State outreach is necessary to reach the neediest children
As lawmakers in Washington debate the extension of the child tax credit, nearly 1 million New Jersey families with children under age 18 have already received advance monthly payments starting in July to help them pay for food, transportation and housing.
Given the enormous financial burden of COVID-19 and the costs of raising children, especially in a high-cost state, New Jersey’s families have needed this critical tax relief to cover those costs. These monthly payments, which averaged $400, helped families across the state pay for food, rent, bills and other household expenses. Beyond the immediate benefit to these families, these payments have added more than $1.5 billion to New Jersey’s communities over the past four months.
The antipoverty effects of the expanded child tax credit have been spectacular. Child poverty rates nationally declined by 25% thanks to the expanded child tax credit payments. Census bureau data shows that these payments have reduced food insecurity and financial hardship.
But many families that need the money most are not getting it in New Jersey. Only about 60% of eligible families reported receiving the advance payments, based on census bureau survey data analyzed by the Social Policy Institute. And these children may be concentrated in the lowest-income households that have traditionally been left out of tax-relief programs. Among children in families earning less than $25,000 a year, only 57% received the credit, despite almost universal eligibility, compared with 73% of children in households earning between $75,000 and $100,000.
Why would the neediest families also be least likely to obtain the credit? After all, qualifying for the full credit is as simple as having child dependents under 18 (with Social Security numbers) and earning below $150,000 a year.
For one, the IRS is distributing the tax-credit payments using preexisting tax-filing information. Families earning low incomes are not required to file income tax returns, so the IRS may not have their data on file. Additionally, children born in 2020 or 2021 may not have been included on prior tax returns. Finally, although most children in mixed-immigration-status households are U.S.-born citizens, their parents may have been reluctant to complete annual tax filings in previous years due to concerns about their impact on family immigration status.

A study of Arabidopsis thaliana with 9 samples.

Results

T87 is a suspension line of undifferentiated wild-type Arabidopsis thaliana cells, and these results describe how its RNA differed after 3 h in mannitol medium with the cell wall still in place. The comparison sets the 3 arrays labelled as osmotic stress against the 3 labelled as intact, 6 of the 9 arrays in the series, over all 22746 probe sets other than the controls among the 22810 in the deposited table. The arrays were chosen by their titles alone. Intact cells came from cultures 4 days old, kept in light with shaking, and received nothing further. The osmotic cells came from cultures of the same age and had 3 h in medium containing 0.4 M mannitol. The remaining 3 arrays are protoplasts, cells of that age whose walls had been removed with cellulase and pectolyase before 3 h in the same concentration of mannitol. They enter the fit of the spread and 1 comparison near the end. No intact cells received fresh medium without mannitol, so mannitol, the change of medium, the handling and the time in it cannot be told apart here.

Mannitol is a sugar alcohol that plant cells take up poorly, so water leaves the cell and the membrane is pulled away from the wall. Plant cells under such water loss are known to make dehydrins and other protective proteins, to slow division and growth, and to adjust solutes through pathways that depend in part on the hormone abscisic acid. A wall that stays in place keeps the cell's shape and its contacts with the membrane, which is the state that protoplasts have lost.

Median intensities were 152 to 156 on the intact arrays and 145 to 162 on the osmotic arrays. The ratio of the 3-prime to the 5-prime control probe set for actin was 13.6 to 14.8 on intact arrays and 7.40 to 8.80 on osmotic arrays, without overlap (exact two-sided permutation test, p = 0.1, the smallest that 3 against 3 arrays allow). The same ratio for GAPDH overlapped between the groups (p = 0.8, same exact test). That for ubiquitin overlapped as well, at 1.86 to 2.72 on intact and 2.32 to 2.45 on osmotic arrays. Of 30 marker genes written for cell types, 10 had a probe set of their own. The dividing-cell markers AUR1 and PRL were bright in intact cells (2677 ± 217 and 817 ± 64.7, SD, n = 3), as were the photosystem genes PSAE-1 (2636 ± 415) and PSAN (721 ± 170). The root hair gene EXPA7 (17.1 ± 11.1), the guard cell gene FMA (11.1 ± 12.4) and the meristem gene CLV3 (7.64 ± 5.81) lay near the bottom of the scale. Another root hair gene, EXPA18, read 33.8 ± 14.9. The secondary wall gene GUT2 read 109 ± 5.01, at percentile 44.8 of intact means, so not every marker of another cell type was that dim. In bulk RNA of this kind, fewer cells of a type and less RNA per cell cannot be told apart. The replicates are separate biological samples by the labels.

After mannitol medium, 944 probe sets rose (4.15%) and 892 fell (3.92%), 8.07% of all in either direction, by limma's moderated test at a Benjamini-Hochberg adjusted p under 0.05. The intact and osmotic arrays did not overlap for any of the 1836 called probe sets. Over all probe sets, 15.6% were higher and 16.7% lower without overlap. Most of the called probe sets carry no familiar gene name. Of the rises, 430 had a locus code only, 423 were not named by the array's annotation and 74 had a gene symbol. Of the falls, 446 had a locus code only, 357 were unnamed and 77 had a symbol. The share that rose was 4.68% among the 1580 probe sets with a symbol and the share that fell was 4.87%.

The IRS has shown some progress in reaching more families, with about 67,000 more New Jersey children receiving benefits in October than in July.
Ways to help
But New Jersey’s state and local governments, as well as community-based organizations, have an important role to play to help residents get these payments and close this gap. Here are three concrete ways New Jersey can ensure more families receive their child tax credit benefit:
- Publicize the GetCTC.org nonfiler tool. This website allows anyone, even people who did not file taxes in previous years, to enter simplified information and begin receiving child tax credit payments, if eligible. Available in English and Spanish, the tool can walk anyone through the application process. Local governments and community-based organizations can offer assistance to their members and service populations. However, use of this portal is scheduled to end on Nov. 15, 2021.
- Perform direct outreach. State and local governments and agencies already collect a wide range of data on family income and children. The state Medicaid agency, for example, has enrollee data for children using public health insurance, almost all of whom would qualify for the tax credit. School districts routinely collect data on family income for free or reduced-price meal eligibility. Although elected officials have held events publicizing the credit, direct outreach from agencies already in contact with families by mail, phone, text message or in-person conversation may have substantially more impact.
- Enhance free tax preparation for 2022. Many of the important parts of federal COVID-19 relief have been embedded in tax filing. Economic stimulus checks, enhanced Earned Income Tax Credit changes and the child tax credit can all be claimed by filing income tax returns in 2022. Direct state funding and local support for free tax preparation in 2022 could pay substantial dividends for New Jersey’s economy, ensuring eligible households get the tax refund they are entitled to under federal law. These could include providing grants to existing providers to expand capacity, donating office space for conducting tax preparation services or providing training for potential tax preparation volunteers.
By boosting child tax credit outreach, New Jersey can assist families get the federal aid they are already entitled to, but cannot receive because of administrative red tape. With the clock ticking down to Nov. 15, when applications for advance child tax credit payments end, there is still plenty that state and local governments can do to get this much-needed tax relief in the hands of New Jersey families and their children.